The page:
The second general class or type of opinions to which I have referred is distinguished, not by a special emphasis upon some particular view of the nature and purposes of the aggressive activities of states, but by a very definite thesis with respect to the wisdom and the consequences of such activities. If wars are waged for economic advantage, it is held, they defeat their own purposes. So too, in general, with all national policies designed to advance the economic interests of one state at the expense of other states. The truth is, it is alleged, that a nation gains by the prosperity of other nations, not by their poverty.

This general thesis, if stated with some necessary qualifications, would be subscribed to, I think, by most economists. It was brilliantly expounded in Mr. Norman Angell’s book, The Great Illusion. If, in the days of its first vogue, that book seemed to be given little attention by the economists, it was not, I imagine, because they disagreed with it conclusions, but rather because most of those conclusions seemed to them to be fairly commonplace economic doctrines. Doubtless Mr. Angell weakened a good case by pushing it a little too far. He gave too little weight to the special interests (not necessarily or even generally class interests) that may be served by a belligerent or imperialistic policy, even when other interests, larger but more diffused, are injured. He did not adequately distinguish between immediate and ultimate gains and losses. But taking his argument in the large, and leaving details aside, it would command, I believe, the general assent of economists. Some of the policies he finds unwise are, in fact, policies we are accustomed to disparage by lumping them together and calling them neo-mercantilism.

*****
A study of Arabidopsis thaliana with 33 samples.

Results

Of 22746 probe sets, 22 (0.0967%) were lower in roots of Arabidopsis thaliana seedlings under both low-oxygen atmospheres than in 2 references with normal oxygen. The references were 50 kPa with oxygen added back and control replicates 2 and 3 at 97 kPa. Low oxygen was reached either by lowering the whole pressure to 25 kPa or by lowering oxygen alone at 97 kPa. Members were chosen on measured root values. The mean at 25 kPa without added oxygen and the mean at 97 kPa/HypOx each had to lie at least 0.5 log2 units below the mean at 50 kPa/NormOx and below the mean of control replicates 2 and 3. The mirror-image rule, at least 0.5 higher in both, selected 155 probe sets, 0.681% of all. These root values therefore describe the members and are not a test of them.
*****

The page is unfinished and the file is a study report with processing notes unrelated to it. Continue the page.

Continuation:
This is from Allyn Young, “Economics and War: A Presidential Address,” American Economic Review, Volume 16, No. 1, March 1926. It’s Harvard professor Allyn Young’s presidential address to the American Economics Association.

Normal Angell’s book, The Great Illusion, which Young refers to, makes the case that trade between countries makes war less likely. I think Young’s critique is apt. The Great Illusion was published in 1909. The war between England and France on the one hand and Germany on the other was a war in which both sides had substantial trade with each other.

But don’t overstate Angell’s naivete. As Wikipedia puts it:

Angell said that arms build-up, for example the naval race between England and Germany that was happening as he wrote the book in the 1900s, was not going to secure peace. Instead, it would lead to increased insecurity and thus ratchet up the likelihood of war. The only viable route to peace would be respect for international law, implemented in a world court, in which issues would be dealt with rationally and peacefully.

Postscript: I don’t think I would have heard of Allyn Young if not for some of the reading I did, very early in my career, of George Stigler‘s work on the the history of economic thought. Incidentally, the great Frank Knight was one of Young’s students.